According to this week’s survey by the Nézőpont Institute, 82 percent of citizens who have been vaccinated at least once intend to take the third booster jab. The high vaccination commitment and the possibility of a rapid vaccination are probably the reason why 56 percent of the respondents are satisfied with the government’s handling of the epidemic, even in the middle of the fourth wave.

78 percent of the adult Hungarian population claim they have received at least one vaccination, which is a few percentage points higher than the number of registered adult vaccinated, but basically reflects the social reality. Half of the total adult population has received only one or two jabs, while more than a third have three. It is good news, with respect to the control of the epidemic, that 82 percent of those vaccinated once or twice intend to receive a third vaccination; 56 percent are certain, and a further 26 percent are likely.

If Hungarians act according to their answers, the country could quickly gain protection in the fourth wave of the epidemic as well. Thanks to the abundance of vaccines, it is up to the citizens to decide whether or not to take the third vaccine. The well-organised vaccination policy may be the reason why Hungary is one of the few countries whose society is satisfied with the government’s actions against the coronavirus in the second year of the pandemic. In September, after the third wave, 59 percent of Hungarians said so, and now, in the middle of the fourth wave, 56 percent. The majority is also satisfied with the protection measures: according to 48 percent of the respondents, they are sufficiently strict; a further 9 percent think they are too strict, and only 39 percent would prefer further tightening.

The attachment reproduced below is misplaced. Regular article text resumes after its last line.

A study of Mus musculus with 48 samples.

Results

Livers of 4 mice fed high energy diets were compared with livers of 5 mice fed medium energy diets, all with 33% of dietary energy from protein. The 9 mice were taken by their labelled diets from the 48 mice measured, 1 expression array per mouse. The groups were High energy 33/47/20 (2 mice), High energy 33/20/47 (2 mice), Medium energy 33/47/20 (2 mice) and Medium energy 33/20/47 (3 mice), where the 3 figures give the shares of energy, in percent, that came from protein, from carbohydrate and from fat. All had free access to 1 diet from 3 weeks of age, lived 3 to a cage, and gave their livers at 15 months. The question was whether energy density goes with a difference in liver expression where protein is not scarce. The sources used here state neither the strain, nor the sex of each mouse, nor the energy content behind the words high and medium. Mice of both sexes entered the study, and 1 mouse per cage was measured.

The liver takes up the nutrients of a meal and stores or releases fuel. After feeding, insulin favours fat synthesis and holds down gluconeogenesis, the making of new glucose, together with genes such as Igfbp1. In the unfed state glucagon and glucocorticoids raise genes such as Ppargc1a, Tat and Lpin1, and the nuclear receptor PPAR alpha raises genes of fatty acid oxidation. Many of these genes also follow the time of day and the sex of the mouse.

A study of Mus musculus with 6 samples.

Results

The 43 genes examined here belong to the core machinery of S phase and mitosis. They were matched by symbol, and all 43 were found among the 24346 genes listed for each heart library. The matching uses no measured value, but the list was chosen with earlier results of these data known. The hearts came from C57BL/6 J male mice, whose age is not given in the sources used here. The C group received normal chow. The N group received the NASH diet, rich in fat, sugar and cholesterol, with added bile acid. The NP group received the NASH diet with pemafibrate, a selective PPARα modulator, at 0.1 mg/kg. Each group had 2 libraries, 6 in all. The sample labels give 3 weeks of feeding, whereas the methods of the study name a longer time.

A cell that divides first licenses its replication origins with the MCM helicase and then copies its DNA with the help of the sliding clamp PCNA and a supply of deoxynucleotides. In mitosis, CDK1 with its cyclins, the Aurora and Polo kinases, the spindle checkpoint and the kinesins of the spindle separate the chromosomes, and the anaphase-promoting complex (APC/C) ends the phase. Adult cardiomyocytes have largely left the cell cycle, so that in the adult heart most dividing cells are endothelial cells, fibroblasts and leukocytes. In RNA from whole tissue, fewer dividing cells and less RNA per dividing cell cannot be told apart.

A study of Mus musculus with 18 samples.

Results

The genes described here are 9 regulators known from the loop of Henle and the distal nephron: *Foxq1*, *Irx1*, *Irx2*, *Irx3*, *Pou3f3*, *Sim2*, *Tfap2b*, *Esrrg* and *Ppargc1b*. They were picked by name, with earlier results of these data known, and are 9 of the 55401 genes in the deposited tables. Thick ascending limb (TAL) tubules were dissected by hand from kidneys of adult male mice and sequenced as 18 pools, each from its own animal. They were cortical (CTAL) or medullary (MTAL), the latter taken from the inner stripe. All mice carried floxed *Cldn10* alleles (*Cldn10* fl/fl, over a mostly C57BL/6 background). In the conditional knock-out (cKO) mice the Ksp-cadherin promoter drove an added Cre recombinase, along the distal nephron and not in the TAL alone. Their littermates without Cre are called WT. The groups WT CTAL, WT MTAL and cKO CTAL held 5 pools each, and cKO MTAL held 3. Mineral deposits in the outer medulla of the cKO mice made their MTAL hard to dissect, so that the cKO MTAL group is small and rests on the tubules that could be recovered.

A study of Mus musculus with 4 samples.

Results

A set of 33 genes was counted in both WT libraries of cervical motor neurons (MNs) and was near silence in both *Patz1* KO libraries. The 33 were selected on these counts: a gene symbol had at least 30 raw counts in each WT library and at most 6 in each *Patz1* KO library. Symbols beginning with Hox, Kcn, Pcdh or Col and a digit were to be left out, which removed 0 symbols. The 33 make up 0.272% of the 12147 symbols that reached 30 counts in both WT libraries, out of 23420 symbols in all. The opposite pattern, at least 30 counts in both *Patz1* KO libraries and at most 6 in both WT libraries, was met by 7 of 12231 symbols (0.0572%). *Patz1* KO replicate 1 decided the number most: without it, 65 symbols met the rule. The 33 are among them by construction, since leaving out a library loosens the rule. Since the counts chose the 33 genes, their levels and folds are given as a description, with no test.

An interesting and important debate has emerged around the world on mandatory vaccination. In August, 45 percent of Hungarians, now in November 51 percent, agreed that “everyone who does not have a medical problem should be required to be vaccinated against the coronavirus”. Mandatory vaccination is particularly popular among people over the age of 60, with 71 percent saying that it should be mandatory for everyone.

It is especially important for the government that the majority of Hungarians are satisfied not only with the steps taken to tackle the epidemic, but also with the handling of the economic difficulties related to the coronavirus. In September 54 percent of respondents said so, now in November 55 percent. This is the highest satisfaction rate this year, which is not so surprising after the announcements of tax cuts, family tax refunds, minimum wage and pension increases.